Jose Reyes' domestic violence case shows MLB policy has ramifications

Colorado Rockies shortstop Jose Reyes is paying a significant price, and may come to epitomize Major League Baseball’s domestic violence cases.

The man forfeited his dignity.

He will forfeit about $7 million.

He even lost his job.

MLB announced Friday that Reyes will be suspended without pay until May 31, credited for time served during his administrative leave, which began Feb. 23, when he was preparing his legal defense after being arrested in Hawaii for allegedly abusing his wife, Katherine.

Prosecutors in Maui ultimately dropped the case after he was ordered to stand trial on domestic abuse when his wife refused to cooperate with investigators. Yet Major League Baseball already had all of the evidence it needed from excerpts of a police report, and Reyes, to his credit, cooperated with MLB officials.

He did not appeal.

“My office has completed its investigation into the allegation that Jose Reyes committed an act of domestic violence on October 31, 2015," MLB commissioner Rob Manfred said in a statement. "The investigation was prolonged and complicated initially by the existence of a pending criminal proceeding against Mr. Reyes in Hawaii involving the same allegation, which has since been dismissed.  Mr. Reyes cooperated fully with my office’s investigation.

“Having reviewed all of the available evidence, I have concluded that Mr. Reyes violated the Policy and should be subject to discipline in the form of an unpaid suspension that will expire on May 31st.  I am encouraged by Mr. Reyes’ commitment to the treatment provisions of the Policy in order to ensure that such an incident does not occur in the future."

While Major League Baseball and the players union still are trying to figure out a way to further deter the temptation for players to use performance-enhancing drugs – some 11 years after suspensions with penalties, the risk still proves worth the reward - baseball’s new domestic abuse policy may have gotten it right the first time.

It’s working like a charm.

Reyes officially is suspended 51 games, and permitted to immediately participate in the Rockies’ extended spring training. He will be eligible to play in minor-league games starting June 1, an assignment that could last a couple weeks, considering the man hasn’t played in a game since last October.

Yet, it’s very possible he has played his final major-league game in a Rockies uniform.

While Reyes was gone, the starting job opportunity was provided to rookie Trevor Story. He seized it and he’s not giving it back. He is hitting .266 with 11 homers and 27 RBI, while playing fabulous defense.

The Rockies, who planned to trade Reyes all along after they acquired him last July in the Troy Tulowitzki deal, now are desperate to move him.

It won’t be easy. Reyes still is owed about $15 million for the duration of this season, and another $22 million next year with a $4 million buyout in 2018. The Rockies will have to eat most of the salary. Yet, barring an injury to Story, they really have no use for him.

So it means that one ugly night in Hawaii cost Reyes his pride and his job.

Certainly, it’s much more damaging than if he had simply been caught using performance-enhancing drugs. After all, appealing a PED violation would mean Reyes played while it was working through the system, likely denying Story the chance to seize the job in the first place.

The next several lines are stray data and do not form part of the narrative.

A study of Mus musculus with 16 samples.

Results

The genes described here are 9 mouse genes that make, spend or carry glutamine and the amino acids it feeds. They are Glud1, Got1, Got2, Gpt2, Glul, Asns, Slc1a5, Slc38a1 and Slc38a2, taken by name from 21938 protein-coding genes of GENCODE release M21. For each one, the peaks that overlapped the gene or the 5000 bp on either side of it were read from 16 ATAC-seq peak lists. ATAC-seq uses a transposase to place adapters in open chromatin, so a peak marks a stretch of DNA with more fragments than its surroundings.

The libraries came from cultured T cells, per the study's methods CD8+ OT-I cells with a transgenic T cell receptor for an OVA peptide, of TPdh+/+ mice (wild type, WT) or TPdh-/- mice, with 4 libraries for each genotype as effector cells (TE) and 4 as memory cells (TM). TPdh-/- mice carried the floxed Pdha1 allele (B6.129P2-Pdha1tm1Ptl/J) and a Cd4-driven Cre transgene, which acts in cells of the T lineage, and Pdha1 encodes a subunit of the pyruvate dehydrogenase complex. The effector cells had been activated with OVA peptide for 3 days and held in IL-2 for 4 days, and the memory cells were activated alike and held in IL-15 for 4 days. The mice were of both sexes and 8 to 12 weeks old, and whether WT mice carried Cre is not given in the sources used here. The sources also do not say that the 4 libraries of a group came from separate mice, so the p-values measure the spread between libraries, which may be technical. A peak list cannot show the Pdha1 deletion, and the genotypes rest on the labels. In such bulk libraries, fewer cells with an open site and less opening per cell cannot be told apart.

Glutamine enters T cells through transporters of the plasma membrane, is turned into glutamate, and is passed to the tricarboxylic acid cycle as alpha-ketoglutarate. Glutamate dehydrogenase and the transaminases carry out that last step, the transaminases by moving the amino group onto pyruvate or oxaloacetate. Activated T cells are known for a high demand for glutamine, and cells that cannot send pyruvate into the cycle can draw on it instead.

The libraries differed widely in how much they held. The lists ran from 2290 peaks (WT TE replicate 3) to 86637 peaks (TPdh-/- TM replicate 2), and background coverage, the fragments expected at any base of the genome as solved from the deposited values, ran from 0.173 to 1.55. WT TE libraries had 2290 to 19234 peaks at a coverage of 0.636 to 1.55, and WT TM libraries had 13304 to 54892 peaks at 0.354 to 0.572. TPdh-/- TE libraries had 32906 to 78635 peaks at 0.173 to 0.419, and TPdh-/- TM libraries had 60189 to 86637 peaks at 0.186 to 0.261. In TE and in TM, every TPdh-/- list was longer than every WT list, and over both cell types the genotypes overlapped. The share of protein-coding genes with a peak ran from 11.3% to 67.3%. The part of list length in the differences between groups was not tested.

“I want to apologize for everything that has happened," Reyes said in a statement released by the players' association. “I am sorry to the Rockies organization, my teammates, all the fans and most of all my family. I am happy to put this all in the past and get back to doing what I love the most, playing baseball.

“My wife Katherine has remained by my side throughout everything and for that I will be forever grateful."

Perhaps Reyes can get his life back in order, but his baseball career is in jeopardy.

His skills were already deteriorating, and now he’s a marked man, with many teams unwilling to take a chance on him with a domestic abuse case glaring on his resume.

Teams won’t be looking at the back of his baseball card. There will be no need for scouts to assess his skills.

They’ll instead be looking at the portion of a police report that was obtained by a Hawaii news organization. Police say Reyes grabbed his wife by her throat and shoved her into a sliding glass door, before hotel security called police. She told police that she had injuries to her side, neck and wrist before being taken to the emergency room in Maui.

There are teams who won’t touch Reyes because of this case, just as the Los Angeles Dodgers and others back away from their pursuit of then-Cincinnati Reds closer Aroldis Chapman, after his domestic abuse case during the winter. He was traded to the New York Yankees, wound up receiving a month-long suspension for firing nine bullets in his garage after an argument with his girlfriend turned physical, and was reinstated this past week.

Next on the docket is Atlanta Braves outfielder Hector Olivera, who is on paid administrative leave after being arrested on April 13 and charged with assaulting a woman at a hotel outside Washington, D.C.

MLB is still investigating the incident, but you can be assured it will come down hard.

The precedent has been set.

Major League Baseball has demonstrated that it has a zero tolerance policy for domestic violence, and the punishment will be severe.

Reyes – out $7 million and his livelihood very much in jeopardy - will forever be proof.